ERCP and EUS: A Case Based Approach
Author: Edited by Linda S. Lee, MD
The text highlights major techniques involved in ERCP, reviews complications and recent data on preventing post-ERCP pancreatitis, and discusses important issues in training in ERCP, including use of endoscopic simulators and assessment of competency as emphasized in the recently updated ACGME guidelines. Novel techniques and advances in minimally invasive endoscopic techniques for biliary and pancreatic diseases are covered in depth, with special considerations given to the pediatric population, pregnant women and patients with a history of abdominal surgeries.
Chapters devoted to EUS review the breadth of equipment available for performing EUS and EUS-FNA, detail techniques used, explore pertinent issues with training and assessing competency analogous to ERCP training as well as contain valuable insights on the basics of cytopathology and staging luminal cancers. Therapeutic EUS is also explored and focuses on endoscopic necrosectomy, EUS-guided biliary and pancreatic access as well as the exciting possibilities of EUS-guided radiofrequency ablation and injection of anti-tumor agents.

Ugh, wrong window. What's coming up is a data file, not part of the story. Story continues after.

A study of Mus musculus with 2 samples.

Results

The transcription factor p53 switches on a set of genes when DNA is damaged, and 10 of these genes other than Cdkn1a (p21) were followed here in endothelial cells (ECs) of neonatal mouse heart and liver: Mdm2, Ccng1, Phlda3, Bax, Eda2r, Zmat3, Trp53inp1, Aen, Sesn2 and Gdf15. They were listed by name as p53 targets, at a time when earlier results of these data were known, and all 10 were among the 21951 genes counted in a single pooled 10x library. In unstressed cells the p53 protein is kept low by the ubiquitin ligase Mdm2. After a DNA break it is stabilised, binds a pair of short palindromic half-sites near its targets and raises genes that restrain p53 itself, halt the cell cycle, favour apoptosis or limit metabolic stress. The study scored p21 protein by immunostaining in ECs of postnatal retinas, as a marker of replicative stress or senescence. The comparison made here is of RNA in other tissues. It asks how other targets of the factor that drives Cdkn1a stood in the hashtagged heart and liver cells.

The book provides a concise yet comprehensive summary of the current status of ERCP and EUS to help guide patient management and stimulate clinical research. It is available in print as well as e-book format for all reading devices.
Author: David K. Ahern, PhD, and co-authors
Oncology Informatics: Using Health Information Technology to Improve Processes and Outcomes in Cancer encapsulates National Cancer Institute-collected evidence into a format that is optimally useful for hospital planners, physicians, researchers, and informaticians alike as they collectively strive to accelerate progress against cancer using informatics tools.
This book is a formational guide for turning clinical systems into engines of discovery as well as a translational guide for moving evidence into practice. It meets recommendations from the National Academies of Science to “reorient the research portfolio” toward providing greater “cognitive support for physicians, patients and their caregivers” to “improve patient outcomes.” Data from systems studies have suggested that oncology and primary care systems are prone to errors of omission, which can lead to fatal consequences downstream. By infusing the best science across disciplines, this book creates new environments of “Smart and Connected Health.”
Oncology Informatics is also a policy guide in an era of extensive reform in health care settings, including new incentives for health care providers to demonstrate “meaningful use” of these technologies to improve system safety, engage patients, ensure continuity of care, enable population health and protect privacy. Oncology Informatics acknowledges this extraordinary turn of events and offers practical guidance for meeting meaningful use requirements in the service of improved cancer care.